Haiti has plunged into chaos as Prime Minister Ariel Henry resigns amidst escalating violence and political turmoil. 

He is stranded in Puerto Rico due to threats from armed gangs preventing his return, and his resignation leaves Haiti in a state of uncertainty, with discussions underway for a transitional government.

So what daily life is like for people living in Haiti now? And why do criminal gangs have so much power in Haiti?  

On today’s The Briefing afternoon episode, Bension Siebert sits down with Australian National University’s Professor Nicolas Lemay-Hebert to find out why Haiti is in such strife, and what will happen next.

Last week, thousands of criminals were set loose from Haiti’s prisons, with gangs taking control of the country’s airport.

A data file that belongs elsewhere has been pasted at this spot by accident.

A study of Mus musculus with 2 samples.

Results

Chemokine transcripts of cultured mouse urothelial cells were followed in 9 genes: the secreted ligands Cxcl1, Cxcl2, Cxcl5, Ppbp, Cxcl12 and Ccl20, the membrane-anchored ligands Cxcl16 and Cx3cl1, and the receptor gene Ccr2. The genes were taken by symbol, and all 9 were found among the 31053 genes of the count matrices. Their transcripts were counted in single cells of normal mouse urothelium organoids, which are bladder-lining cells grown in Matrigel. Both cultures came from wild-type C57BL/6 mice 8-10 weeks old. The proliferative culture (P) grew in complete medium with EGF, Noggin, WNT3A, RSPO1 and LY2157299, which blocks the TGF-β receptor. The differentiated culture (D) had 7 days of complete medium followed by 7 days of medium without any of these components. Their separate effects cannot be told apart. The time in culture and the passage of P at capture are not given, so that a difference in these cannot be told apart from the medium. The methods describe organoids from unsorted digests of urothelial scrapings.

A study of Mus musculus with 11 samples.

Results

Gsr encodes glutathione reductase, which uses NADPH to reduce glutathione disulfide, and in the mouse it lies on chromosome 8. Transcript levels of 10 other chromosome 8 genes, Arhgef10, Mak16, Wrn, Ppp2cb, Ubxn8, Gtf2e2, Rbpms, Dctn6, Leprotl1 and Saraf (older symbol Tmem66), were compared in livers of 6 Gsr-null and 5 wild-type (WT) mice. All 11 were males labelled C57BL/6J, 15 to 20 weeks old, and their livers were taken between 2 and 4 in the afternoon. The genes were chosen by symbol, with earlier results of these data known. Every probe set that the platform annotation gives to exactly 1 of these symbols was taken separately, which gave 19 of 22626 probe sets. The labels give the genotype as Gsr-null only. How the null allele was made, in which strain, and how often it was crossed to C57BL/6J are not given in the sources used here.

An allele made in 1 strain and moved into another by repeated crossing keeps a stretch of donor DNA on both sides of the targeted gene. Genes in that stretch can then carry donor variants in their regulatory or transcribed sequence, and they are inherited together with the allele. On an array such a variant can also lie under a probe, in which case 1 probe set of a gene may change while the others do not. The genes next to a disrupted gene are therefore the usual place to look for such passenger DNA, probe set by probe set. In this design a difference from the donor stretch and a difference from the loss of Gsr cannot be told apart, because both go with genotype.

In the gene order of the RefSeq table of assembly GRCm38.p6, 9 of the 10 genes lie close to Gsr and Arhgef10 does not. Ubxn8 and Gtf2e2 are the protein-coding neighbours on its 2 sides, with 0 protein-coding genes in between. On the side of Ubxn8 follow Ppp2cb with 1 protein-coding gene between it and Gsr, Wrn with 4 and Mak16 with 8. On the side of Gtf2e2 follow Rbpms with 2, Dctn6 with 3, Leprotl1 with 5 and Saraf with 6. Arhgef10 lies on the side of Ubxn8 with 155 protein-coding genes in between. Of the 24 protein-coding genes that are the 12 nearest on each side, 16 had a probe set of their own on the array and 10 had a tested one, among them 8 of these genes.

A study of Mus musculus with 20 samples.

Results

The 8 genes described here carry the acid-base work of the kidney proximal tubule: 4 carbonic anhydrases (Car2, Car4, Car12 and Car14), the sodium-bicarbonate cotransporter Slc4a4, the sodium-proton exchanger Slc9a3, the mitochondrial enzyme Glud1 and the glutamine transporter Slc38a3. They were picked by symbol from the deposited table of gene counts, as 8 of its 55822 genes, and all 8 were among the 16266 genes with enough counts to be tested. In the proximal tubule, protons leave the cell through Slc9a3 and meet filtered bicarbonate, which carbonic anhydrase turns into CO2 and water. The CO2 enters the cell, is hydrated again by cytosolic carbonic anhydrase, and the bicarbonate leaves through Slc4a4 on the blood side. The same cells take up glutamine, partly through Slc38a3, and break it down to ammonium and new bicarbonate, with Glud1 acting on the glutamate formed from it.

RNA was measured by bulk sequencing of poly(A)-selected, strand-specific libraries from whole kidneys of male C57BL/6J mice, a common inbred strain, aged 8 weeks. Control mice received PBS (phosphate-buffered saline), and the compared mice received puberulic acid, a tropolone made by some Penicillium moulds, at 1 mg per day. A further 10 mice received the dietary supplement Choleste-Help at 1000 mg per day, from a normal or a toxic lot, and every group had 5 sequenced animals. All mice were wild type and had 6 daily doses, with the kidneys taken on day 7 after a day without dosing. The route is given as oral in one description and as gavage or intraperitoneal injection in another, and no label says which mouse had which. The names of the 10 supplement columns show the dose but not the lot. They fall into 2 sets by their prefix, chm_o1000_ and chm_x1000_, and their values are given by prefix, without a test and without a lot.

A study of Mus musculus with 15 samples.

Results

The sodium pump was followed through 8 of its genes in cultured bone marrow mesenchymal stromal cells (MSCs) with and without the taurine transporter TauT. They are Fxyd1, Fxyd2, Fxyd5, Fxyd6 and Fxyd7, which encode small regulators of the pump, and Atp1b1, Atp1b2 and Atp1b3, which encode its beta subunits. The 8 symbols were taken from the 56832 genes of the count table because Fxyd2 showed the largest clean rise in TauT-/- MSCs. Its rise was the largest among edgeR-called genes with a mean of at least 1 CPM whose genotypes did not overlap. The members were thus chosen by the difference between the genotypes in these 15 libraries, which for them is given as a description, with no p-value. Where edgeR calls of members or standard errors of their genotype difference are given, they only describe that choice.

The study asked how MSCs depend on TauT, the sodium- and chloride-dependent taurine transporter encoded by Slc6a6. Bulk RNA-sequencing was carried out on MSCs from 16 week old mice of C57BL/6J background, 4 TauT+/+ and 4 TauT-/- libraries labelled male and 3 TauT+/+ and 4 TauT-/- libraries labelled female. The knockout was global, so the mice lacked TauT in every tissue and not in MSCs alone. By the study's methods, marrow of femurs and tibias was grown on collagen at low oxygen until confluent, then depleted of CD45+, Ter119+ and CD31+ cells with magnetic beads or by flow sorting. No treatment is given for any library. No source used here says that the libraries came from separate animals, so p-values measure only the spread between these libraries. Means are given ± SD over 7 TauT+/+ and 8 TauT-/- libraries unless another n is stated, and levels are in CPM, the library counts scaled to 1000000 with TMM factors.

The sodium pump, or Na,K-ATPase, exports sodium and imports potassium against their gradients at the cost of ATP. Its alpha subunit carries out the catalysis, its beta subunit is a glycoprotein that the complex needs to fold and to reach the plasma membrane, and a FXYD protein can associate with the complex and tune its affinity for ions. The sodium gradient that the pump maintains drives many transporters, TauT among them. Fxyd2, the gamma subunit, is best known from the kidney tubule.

Criminal gangs, historically intertwined with Haitian politics, wield significant power and influence, exacerbating the situation.

Professor Lemay-Hebert, from the Australian National University, sheds light on Haiti’s plight, emphasising the dire conditions faced by its people.



“The gangs, there are different accounts there, but we’re talking about controlling eighty per cent of Port-au-Prince Haiti’s highly centralised countries. So whoever controls Port-au-Prince controls the country,” he added.

He also underscored the necessity of a free and fair electoral process, warning against international interference and emphasising the importance of an inclusive electoral council.

“Elections are always that when there’s someone who disagrees with what the internationals want, especially the Americans want, then the Americans, all of a sudden pull a few tricks from the, from the, from the basket.”